How to grow a green lawn

How to grow a green lawn

John, Passionate gardener, Cambridge

Guide written by:

John, Passionate gardener, Cambridge

78 guides

Looking to grow a luscious green lawn without any bald spots? The secret to a thick and hardy lawn can be summed up in one word: maintenance. But mowing and watering aren't the only ways to get a healthy lawn. Read on for our top tips on growing a green lawn.

Important features

  • Lawn rollers
  • Scarifying
  • Fertilising
  • Watering
  • Routine care
  • Yearly care



If your lawn is in need of reseeding, a lawn roller can help the grass seeds come into contact with the soil to encourage germination.

Scarify to eliminate thatch



  • You can start scarifying a lawn in the third or fourth year after seeding.
  • Once you're done, gather all the waste from your lawn using a lawn rake and add it to your compost pile (unless it contains moss in which case you must dispose of the waste elsewhere).
  • After three to four weeks, the marks left by the scarifier should disappear completely and you will be able to mow your lawn again.


Aerate the soil to stimulate root growth



  • Cut your grass as short as possible;
  • Use a lawn aerator over areas that are subject to heavy footfall.

A lawn aerator is equipped with a spikedroller designed to leave holes in the soil. If you're up to the challenge, you can even use a garden fork to dig in holes; in this case, space your holes around 15 cm apart. If you have a smaller lawn, you can tackle it using aerator shoes.


Water your lawn regularly



Water should be sprayed evenly over the lawn. Try to add around 5 to 10 mm of water each time you water in the summertime; you can monitor this with the use of a rain gauge.

Spread fertiliser to feed your lawn



After spreading the fertiliser be sure to water the lawn. If your lawn is turning yellow without any obvious reason, apply more fertiliser. Try to pick an organic product if possible.


Top dress your lawn to enrich the root system



Mow regularly to enhance lawn colour



It is recommended to avoid cutting more than a third of the height of the grass at any one time. If you only cut 1 to 2 cm of grass when you mow, you won't have to collect the clippings afterwards. Ideally, you should use a mower equipped with a mulching mode or set up a robot lawnmower if the size of your garden allows. Let your grass grow about 1 to 2 cm higher than usual during particularly warm periods.

Remove moss to keep your lawn healthy



With this in mind, a better option might be to aerate the soil using a tool like a scarifier. If your soil is a little too acidic, tryadding some lime or sprinkling wood ash or a calcium-based soil amendment to your soil.

Eliminate moles to protect your soil and grass roots



So the age-old question for gardeners is this: how can I safely get rid of moles? There is a wide variety of solutions, but some are more effective than others. Choose between repellents, such as ultrasonic or vibrating devices, and humane traps designed to capture the moles and release them elsewhere.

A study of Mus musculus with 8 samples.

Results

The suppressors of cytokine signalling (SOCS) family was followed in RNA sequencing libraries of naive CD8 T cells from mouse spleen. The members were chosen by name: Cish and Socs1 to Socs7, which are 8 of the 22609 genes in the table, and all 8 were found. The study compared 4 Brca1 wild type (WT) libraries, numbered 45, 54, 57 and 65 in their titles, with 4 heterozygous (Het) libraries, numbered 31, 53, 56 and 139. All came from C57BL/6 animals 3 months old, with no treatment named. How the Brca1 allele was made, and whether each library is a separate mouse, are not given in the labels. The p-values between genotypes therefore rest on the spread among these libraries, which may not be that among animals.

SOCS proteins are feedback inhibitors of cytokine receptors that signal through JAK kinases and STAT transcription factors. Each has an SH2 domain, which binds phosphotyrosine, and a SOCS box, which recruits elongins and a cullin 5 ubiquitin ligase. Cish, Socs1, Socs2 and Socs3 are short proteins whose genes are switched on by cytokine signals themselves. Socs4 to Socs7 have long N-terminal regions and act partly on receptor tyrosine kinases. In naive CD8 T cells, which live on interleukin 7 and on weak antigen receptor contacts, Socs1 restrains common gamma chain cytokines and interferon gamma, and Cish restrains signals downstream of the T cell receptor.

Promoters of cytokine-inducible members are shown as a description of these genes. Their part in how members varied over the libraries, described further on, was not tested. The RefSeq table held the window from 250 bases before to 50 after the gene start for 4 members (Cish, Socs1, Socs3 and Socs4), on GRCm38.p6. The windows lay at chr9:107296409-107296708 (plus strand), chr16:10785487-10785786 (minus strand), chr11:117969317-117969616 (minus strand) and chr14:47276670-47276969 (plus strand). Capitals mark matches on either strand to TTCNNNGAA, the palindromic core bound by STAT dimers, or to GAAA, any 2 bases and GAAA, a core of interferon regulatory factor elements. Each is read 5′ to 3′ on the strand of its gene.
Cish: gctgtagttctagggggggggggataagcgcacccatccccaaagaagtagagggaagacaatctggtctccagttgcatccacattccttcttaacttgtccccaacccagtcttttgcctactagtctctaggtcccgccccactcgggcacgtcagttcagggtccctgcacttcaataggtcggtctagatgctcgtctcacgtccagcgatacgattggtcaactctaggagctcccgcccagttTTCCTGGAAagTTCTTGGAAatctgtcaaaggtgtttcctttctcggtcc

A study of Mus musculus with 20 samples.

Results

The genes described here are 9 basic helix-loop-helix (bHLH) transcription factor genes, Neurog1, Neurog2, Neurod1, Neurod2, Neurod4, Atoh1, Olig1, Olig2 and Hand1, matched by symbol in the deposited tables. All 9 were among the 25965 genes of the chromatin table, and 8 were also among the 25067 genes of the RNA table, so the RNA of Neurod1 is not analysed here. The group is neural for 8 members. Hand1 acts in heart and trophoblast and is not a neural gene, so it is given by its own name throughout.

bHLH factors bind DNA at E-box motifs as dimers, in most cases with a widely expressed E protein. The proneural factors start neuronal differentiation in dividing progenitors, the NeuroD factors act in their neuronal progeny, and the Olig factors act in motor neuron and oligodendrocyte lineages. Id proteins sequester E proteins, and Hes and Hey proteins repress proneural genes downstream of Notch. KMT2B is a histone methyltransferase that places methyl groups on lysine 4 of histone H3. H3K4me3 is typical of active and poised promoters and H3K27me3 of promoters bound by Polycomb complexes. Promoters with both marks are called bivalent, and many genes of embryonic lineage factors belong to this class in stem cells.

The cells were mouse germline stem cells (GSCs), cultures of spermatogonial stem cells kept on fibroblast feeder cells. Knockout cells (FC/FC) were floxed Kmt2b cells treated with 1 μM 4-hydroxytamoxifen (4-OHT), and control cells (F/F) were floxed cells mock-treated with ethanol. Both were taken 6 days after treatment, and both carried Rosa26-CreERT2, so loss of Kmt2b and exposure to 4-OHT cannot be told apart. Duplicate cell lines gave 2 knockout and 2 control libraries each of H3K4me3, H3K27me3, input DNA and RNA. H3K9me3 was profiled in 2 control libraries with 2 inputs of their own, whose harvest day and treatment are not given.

Reseed any bare patches



Weed the lawn



Regular mowing will help to get rid of the majority of weeds; while mowing benefits grass it will help to weaken any unwanted plants. Get rid of any weeds with long taproots (such as dandelions and common sorrel) using a weeding knife or gouge.

Tips for protecting your lawn on a daily basis


  • Try not to overuse any part of the lawn, such as the area around a table or barbecue.
  • Don't let your dog dig or scratch the soil.
  • Be careful not to contaminate the soil with hydrocarbons (from a brushcutter, for example).
  • Never park your car on the lawn except when absolutely necessary.

Lawn maintenance throughout the year

Jan

Feb

March

April

May

June

July

Aug

Sept

Oct

Nov

Dec

Roll

X

Scarify

X

Aerate

X

X

Mow

X

X

X

X

X

X

X

Fertilise

X

X

X

Top dress

X

X

Water

X

X

X

X

Rake

X

X


John, Passionate gardener, Cambridge, 78 guides

John, Passionate gardener, Cambridge

When I was young, I was already working in the family garden. Perhaps that is where my interest in plants and gardening came from. So, it was logical for me to study both plant biology and agronomy.   At the request of various publishers I have, over twenty-five years, written many books on the subject of plants and mushrooms (a subject that is close to my heart).They were mostly identification guides at first, but shortly after they were about gardening, thus renewing the first passion of my childhood.   I have also regularly collaborated with several magazines specializing in the field of gardening or more generally in nature. There is no gardener without a garden, I have cultivated mine in a small corner of Cambridge for the last thirty years and this is where I put into practice the methods of cultivation that will I advise you in as well.